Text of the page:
By Martin Thomas, chief executive, Habitat for Humanity Australia
It may take more than two years to rehouse the tens of thousands of victims who have been made homeless from Cyclone Pam.
Cuts to Australia’s aid budget could hamper Australia’s ability to adequately respond to such disasters across the Pacific which is becoming increasingly vulnerable to more severe and frequent natural disasters.
The incredible scale of the destruction in Port Vila – where up to 80 percent of all buildings have been damaged or destroyed – is extraordinary.
Added to the destruction of so many houses is the damage to essential infrastructure such as roads and the supply of water, power and communications. Then there is the remoteness of the many islands that are still yet to be reached by aid workers.
The experience of the Philippines in the wake of Typhoon Haiyan shows the challenges to a fast recovery. Almost 18 months after that disaster an estimated 25,000 people are still living in transitional sites, evacuation centres and tent settlements. Worse, it is estimated that 95,000 families are living in emergency or makeshift shelters that are deemed ‘unsafe’.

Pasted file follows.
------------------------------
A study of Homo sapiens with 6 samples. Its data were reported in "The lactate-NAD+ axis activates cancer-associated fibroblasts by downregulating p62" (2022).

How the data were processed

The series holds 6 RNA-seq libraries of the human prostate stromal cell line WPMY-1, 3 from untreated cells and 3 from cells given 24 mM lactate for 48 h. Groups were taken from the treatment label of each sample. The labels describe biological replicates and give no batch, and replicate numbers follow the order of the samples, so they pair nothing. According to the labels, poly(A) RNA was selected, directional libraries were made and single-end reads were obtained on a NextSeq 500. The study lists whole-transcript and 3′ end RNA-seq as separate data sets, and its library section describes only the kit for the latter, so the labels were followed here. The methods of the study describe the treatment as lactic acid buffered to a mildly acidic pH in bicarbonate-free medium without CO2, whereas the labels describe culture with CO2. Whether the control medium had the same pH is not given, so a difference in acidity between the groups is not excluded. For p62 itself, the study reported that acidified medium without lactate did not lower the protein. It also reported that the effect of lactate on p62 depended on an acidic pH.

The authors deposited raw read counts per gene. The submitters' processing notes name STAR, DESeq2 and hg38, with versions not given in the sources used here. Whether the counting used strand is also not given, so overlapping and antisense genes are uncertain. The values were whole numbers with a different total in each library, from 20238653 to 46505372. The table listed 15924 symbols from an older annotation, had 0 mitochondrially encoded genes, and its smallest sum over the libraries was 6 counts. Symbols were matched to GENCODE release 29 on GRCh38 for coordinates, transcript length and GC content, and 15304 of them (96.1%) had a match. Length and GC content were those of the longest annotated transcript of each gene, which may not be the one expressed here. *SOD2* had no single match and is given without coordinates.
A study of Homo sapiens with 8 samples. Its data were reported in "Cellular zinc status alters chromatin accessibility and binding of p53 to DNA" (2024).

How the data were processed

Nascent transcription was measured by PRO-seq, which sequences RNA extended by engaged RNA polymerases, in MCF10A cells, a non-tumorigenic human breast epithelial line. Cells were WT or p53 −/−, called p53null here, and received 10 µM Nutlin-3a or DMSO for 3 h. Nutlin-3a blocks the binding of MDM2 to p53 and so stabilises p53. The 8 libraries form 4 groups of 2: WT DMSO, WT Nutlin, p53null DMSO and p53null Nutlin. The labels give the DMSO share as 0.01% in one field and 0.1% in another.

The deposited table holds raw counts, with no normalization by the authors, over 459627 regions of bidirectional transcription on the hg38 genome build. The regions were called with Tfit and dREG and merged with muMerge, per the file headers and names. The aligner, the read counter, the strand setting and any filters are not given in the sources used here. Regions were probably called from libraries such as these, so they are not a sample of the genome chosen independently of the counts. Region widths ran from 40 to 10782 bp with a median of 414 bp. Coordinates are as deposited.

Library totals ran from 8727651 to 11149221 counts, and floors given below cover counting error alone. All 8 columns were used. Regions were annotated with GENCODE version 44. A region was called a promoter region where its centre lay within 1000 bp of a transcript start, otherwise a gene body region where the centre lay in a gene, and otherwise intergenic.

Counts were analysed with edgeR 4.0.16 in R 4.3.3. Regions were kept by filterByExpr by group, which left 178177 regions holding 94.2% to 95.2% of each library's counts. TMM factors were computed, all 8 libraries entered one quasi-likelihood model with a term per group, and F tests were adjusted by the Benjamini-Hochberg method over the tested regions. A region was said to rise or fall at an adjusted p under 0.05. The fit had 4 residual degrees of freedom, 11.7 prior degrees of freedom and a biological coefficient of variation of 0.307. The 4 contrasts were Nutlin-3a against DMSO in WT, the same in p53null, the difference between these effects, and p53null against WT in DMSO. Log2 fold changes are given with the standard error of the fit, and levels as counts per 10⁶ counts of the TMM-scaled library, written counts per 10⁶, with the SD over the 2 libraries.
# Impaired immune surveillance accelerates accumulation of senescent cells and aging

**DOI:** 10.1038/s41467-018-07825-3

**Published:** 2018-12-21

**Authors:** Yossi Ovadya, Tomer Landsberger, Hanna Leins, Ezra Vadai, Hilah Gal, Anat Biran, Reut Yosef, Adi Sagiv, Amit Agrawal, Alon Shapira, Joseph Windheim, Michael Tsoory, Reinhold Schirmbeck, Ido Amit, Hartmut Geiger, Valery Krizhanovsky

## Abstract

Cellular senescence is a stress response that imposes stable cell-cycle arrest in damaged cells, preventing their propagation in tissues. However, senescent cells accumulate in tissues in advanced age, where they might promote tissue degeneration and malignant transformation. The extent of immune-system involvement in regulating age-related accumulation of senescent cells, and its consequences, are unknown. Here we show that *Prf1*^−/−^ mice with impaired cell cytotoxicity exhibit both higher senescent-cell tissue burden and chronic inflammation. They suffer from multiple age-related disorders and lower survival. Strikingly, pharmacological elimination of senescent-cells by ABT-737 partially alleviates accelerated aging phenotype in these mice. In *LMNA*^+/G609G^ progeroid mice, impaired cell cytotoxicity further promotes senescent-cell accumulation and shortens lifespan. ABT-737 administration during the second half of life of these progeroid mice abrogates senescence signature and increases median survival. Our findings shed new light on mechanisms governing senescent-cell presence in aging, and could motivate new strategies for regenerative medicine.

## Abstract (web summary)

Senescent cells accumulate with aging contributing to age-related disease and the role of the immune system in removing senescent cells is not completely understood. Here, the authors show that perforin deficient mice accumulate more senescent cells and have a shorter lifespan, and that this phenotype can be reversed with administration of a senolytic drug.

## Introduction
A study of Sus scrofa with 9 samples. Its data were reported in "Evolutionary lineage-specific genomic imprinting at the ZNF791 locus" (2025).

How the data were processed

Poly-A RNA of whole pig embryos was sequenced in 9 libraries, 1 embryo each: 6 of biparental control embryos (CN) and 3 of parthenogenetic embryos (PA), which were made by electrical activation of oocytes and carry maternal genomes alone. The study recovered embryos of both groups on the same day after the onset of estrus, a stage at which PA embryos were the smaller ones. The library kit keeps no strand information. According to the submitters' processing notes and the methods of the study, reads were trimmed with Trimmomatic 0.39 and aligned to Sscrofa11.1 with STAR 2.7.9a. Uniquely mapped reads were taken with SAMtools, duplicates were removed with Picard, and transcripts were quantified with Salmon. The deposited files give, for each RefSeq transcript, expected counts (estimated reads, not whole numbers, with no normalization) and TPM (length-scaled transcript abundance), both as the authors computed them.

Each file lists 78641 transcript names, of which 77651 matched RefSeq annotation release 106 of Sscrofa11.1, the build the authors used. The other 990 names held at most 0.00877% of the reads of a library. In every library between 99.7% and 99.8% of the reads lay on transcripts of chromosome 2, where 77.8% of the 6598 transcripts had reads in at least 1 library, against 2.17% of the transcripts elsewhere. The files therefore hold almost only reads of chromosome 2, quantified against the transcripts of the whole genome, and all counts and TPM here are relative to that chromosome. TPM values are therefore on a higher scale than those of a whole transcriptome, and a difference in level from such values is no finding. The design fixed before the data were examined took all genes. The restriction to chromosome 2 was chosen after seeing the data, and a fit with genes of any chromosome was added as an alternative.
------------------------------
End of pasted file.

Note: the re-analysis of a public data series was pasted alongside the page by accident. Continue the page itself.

It could take as long as six months even to provide basic transitional housing, dormitories or tents, to the thousands of homeless families.
The initial response to this disaster by the Australian government should be applauded but with the aid budget suffering big cuts, our ability to help those hit hard by these super storms may be hampered.
There is huge need to support the tens of thousands of people affected by this disaster and agencies have begun providing medical aid, clean water and food. There is also a desperate requirement for temporary shelter, before repairs and rebuilding of homes can commence.
Habitat for Humanity has sent staff to Vanuatu to assess the situation and to play a lead role in coordinating with government agencies and partners on the disaster response operation.
Our immediate response efforts will include emergency shelter assistance. Based on funding availability, the longer-term response will follow Habitat’s model of assisting affected communities with housing solutions, ranging from emergency shelter interventions to permanent home reconstruction.
Donate here to Habitat for Humanity’s disaster response appeal.